The Wonderful Thing About Broken Promises Cover

The Wonderful Thing About Broken Promises

One of the most important things to remember about other people is this:

They won’t.

Your school teacher says she’ll take the class for ice cream. But she won’t.

The store clerk says he’ll gladly refund you if the shoes don’t fit. But he won’t.

Your old acquaintance says she’ll text you when she’s in town. But she won’t.

The guy handing out loans says he’ll see what he can do for you. But he won’t.

Your classmate says she’ll send you her essay when she’s done. But she won’t.

The professor says he’ll only use class material for the exam. But he won’t.

Your waitress says she’ll be right back with your drink. But she won’t.

Your date says they’ll call you. But they won’t.

One way of looking at this is that it’s just sad. The fact that humans don’t value their own word must be one of the biggest reasons the world isn’t all sunshine and rainbows. I, too, wish we could all grow up without losing that spark of hope in our six-year-old eyes and never be disappointed. But we can’t.

What we can do is change our perspective to at least try and turn this weight into a stepping stone. So here’s another point of view: Every broken promise is a chance to be compassionate.

An opportunity to think “I hope he’s alright” instead of “he’s dead to me.” A shot at considering they, too, might’ve been given nothing but broken promises all their life. A wonderful excuse to reduce your expectations of flawed humans in a world we all struggle with.

Practicing this is hard. But compassion is the right answer. How do I know?

Well, here’s another change of perspective: You are other people’s ‘other people.’ To them, you’re the one who ‘won’t.’

We all fail to follow through sometimes. No one’s perfect. But my guess is you, like most of us, don’t make promises and break them on purpose. Do you?

People are good at heart. It’s how we’ve come to be so many in the first place. We do look out for one another. That horrible picture of human nature the news continue to paint was never accurate. Still isn’t. If it had been at any point, we’d long be extinct. Therefore, the odds of being in the wrong when you forgive others are so low, it’s not even a risk worth taking.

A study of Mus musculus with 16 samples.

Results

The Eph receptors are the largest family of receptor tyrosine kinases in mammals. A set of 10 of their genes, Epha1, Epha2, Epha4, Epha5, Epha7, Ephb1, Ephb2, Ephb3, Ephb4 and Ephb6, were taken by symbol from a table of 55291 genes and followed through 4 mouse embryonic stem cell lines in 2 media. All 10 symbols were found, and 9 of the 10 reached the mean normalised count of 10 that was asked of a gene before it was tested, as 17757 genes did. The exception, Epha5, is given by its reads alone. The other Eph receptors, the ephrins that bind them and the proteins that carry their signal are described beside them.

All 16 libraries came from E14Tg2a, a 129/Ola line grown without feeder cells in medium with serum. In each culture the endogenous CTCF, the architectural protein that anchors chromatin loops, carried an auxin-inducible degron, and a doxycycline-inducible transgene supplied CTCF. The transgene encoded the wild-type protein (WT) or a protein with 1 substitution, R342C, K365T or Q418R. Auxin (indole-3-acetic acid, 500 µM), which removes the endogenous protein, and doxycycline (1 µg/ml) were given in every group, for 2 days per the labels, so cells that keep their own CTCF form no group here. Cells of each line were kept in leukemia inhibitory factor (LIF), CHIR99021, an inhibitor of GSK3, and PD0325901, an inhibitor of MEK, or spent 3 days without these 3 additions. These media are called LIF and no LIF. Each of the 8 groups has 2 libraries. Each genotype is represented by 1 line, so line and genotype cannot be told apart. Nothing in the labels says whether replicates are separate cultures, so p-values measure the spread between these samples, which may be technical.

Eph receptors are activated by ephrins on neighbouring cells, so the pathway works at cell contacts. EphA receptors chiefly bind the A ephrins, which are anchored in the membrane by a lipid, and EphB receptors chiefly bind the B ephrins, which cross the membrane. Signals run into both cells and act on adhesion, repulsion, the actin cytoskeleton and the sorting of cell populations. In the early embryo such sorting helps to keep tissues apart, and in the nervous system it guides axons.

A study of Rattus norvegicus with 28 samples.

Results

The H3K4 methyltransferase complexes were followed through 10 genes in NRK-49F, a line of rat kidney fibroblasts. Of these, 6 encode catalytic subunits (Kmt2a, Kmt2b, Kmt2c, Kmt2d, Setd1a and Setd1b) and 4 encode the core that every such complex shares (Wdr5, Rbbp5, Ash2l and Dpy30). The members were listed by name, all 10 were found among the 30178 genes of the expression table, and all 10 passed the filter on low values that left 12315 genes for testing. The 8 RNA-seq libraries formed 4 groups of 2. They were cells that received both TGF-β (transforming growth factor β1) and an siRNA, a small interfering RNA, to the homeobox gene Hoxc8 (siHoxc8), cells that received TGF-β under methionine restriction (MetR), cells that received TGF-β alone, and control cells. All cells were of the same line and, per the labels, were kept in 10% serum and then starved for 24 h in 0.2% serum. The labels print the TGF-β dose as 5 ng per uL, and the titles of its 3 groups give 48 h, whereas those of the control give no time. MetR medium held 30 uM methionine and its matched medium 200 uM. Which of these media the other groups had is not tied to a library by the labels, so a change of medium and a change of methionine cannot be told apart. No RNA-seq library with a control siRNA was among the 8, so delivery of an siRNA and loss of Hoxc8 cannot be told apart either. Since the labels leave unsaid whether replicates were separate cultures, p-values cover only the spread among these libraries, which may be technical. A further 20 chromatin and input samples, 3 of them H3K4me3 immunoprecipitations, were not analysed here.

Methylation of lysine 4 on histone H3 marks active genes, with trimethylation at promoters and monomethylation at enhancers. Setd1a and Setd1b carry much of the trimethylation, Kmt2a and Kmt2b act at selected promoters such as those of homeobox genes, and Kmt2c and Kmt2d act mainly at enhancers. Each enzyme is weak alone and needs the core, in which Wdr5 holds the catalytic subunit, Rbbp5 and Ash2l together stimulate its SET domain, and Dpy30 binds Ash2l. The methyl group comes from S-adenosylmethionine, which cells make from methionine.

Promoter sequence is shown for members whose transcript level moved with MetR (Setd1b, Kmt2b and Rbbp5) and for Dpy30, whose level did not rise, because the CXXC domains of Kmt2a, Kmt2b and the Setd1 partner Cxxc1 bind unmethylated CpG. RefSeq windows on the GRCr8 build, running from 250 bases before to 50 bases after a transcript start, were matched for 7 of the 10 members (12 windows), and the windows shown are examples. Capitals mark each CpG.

When you give others the benefit of the doubt, you can also more easily extend this graciousness to yourself. Because whenever you break a promise, that’s also an opportunity: one to show yourself compassion. Maybe, you needn’t shoulder all that much. Maybe, you don’t have to make so many commitments. To live up to all these self-created obligations.

Promises are hope manufactured by humans. And we tend to oversupply.

Let’s switch perspectives one last time: Life doesn’t make any promises. We’re all born with high hopes, but none of them were ever advertised to us as guaranteed to come true. None of them. To no one.

In the Bhagavad Gita, an ancient, spiritual text of Hinduism, Prince Arjuna is led into battle by his guide and charioteer Lord Krishna. There are many interpretations of it, but Arjuna likely stands for humanity, while Krishna represents a higher power. The battlefield reflects the many struggles of life.

At one point, Krishna tells Arjuna we have “the right to our labor, but not its fruits.” You can take this literally, of course. Love the process, but don’t get attached to the outcome. Given the broader context of the scripture, however, I think it’s worth projecting:

The only reward we get out of life is being alive itself.

This includes beautiful, sunny days, on which you’ll eat way too much ice cream and fall asleep in your dream partner’s arms, as much as it includes the days you break down crying in the subway, because you’re broke, desperate, and that partner just left you. Gratitude for being able to experience both is the one gift that keeps on giving.

But it’s a gift we must learn to keep receiving and that itself takes a lifetime. Our own failure to accept this is what we’re truly disappointed with when others don’t keep their word with us. Not that our friends were five minutes late. It is out of this universal disappointment that individual anger arises, which we throw at whoever happens to feel like a close, appropriate target at the time.

No, people won’t always keep their promises. And you won’t either. But if you can remember that it’s neither what we do nor what we say, but the time we spend here together that makes life worth living, even broken words will weave the fabric of the experience.